Spartans of UD: Rasika Mudalige-Jayawickrama
Oct 25, 2017
Spartans of UD is a new feature that highlights what makes University of Dubuque special – the people who live, work, and study on campus. Rasika Mudalige-Jayawickrama, PhD, is the associate professor of natural and applied sciences. She has been a Spartan for 10 and a half years.
RASIKA MUDALIGE-JAYAWICKRAMA, PhD
Associate Professor of Natural and Applied Sciences
1. What brought you to the Department of Natural and Applied Sciences at UD?
“A tenure track job was one reason. UD’s mission of teaching first generation college students was important to me. I was a first generation college student and I appreciate the guidance given to me by my professors in Sri Lanka. I also prefer a teaching job to a research only job. UD provides good opportunities to involve students in research projects. It gave me a balance in teaching and research compared to other small colleges.”
2. How would you describe your teaching philosophy?
“I am a person who believes in learning through doing science. I incorporate individual research projects into lab classes. Students learn by writing a research proposal, executing it, gathering data, and presenting the data to a wider audience. Science is not listening and memorizing a bunch of facts. It is about experimenting, observing, data gathering, and reaching your own conclusions – in other words, learning for yourself. Knowledge has to be built over the years and it is a lifelong process. My philosophy is to teach students how to lay down a solid foundation so that they can build their own knowledge through the process of doing science.”
3. Your research on orchids is extensive. Can you describe some of your latest research on orchids?
“I am working on two exciting research ideas. One is to find freezing tolerant genes from a native orchid of Iowa. There is an unusual orchid in Iowa that goes through winter with a green, photosynthesizing leaf. When all the other plants shed their leaves in late October, this plant produces a new leaf and keeps it until next spring. I am trying to find out how this unusual plant stays alive all through the winter with a green leaf. The second project is to introduce new flower colors to commercial orchids. I have been isolating flower color genes from orchids throughout my PhD and post-doctoral research. I am trying to shut down the purple color, the most common color among commercial Dendrobium orchids and redirect the color pathway towards red/orange or blue colors.”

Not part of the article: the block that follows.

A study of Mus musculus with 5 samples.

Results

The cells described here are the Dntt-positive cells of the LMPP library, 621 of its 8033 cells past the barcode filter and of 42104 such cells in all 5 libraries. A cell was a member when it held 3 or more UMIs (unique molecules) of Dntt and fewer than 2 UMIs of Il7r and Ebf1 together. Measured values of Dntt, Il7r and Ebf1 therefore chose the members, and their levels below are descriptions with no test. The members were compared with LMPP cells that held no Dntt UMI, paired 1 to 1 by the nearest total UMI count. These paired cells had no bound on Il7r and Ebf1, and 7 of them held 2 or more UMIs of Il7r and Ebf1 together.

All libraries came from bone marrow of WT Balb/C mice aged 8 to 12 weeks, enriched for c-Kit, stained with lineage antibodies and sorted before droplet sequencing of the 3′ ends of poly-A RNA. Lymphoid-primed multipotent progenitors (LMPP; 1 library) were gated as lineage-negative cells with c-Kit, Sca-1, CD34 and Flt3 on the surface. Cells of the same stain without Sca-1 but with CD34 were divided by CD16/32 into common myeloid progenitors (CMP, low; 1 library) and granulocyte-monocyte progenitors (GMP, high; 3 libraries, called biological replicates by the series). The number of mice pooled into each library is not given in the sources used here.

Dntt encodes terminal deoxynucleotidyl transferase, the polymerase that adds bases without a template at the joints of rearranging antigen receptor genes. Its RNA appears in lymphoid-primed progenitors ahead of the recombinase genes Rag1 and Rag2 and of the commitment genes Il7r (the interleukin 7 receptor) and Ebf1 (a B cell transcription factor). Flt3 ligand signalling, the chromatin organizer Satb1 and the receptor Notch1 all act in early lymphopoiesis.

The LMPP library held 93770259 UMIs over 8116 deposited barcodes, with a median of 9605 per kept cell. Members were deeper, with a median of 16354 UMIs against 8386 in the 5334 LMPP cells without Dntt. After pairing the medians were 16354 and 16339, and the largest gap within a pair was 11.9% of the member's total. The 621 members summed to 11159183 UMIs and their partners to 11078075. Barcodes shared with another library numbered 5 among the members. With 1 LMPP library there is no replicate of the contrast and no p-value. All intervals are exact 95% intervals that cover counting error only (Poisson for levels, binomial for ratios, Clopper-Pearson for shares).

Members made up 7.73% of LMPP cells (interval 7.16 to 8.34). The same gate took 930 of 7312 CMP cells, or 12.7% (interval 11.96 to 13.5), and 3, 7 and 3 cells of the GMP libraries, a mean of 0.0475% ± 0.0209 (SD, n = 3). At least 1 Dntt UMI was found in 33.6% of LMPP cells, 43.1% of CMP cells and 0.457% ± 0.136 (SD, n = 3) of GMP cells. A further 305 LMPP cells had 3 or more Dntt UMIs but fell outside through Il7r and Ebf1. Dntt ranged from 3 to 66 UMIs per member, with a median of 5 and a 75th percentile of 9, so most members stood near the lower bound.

4. Why did you decide to research orchids?
“They are one of the most fascinating group of plants I have ever seen. The orchid family has approximately 30,000 known species. They have such a variety of shapes, sneaky ways of fooling the insects to come to the flower and get pollinated, and ability to grow from cool wet climates to arid, desert-like climates. There are so many things we do not know about them. It is my passion to find out some of their secrets before I finish my research career.”
5. You routinely mentor/advise students during research projects. What has been your favorite part of mentoring/advising students through the research process?
“My favorite part is when they compete with other students coming from big research schools and get into graduate programs in prestigious universities. I am so proud of them when they walk across the stage at graduation and move onto the next stage of their life in graduate school, professional school, or jobs. I had 28 research students who have worked with me, of which 25 are either working or in graduate school. They send me emails from time to time with their good news and thank me for guiding them through research. I am proud of them as if they are my own children. I miss them for a while, but I get excited to mentor the next set of students as they come along.”
6. In 2015, you were recognized with the John Knox Coit Prize and appointed into the UD Faculty Hall of Fame. What was it like to receive that honor?
“I was extremely happy, honored, and humbled all at the same time. I try hard and put a lot of extra time into teaching. I am grateful for my husband and son who have given me a lot of support and love. My philosophy has always been to do the task I am entrusted with to the best of my ability and strive hard to reach every student. At the same time, what an awesome responsibility it is! I get the privilege of shaping a young person’s character and future. It is a happy occasion if an impartial judge tells me I am taking that responsibility seriously and doing a good job of it. I came from humble beginnings from a family who supported my ambition for higher education. I was sad my parents were not there to see me get the recognition for my hard work, but I think I exceeded their expectations and they would have been overjoyed for me.”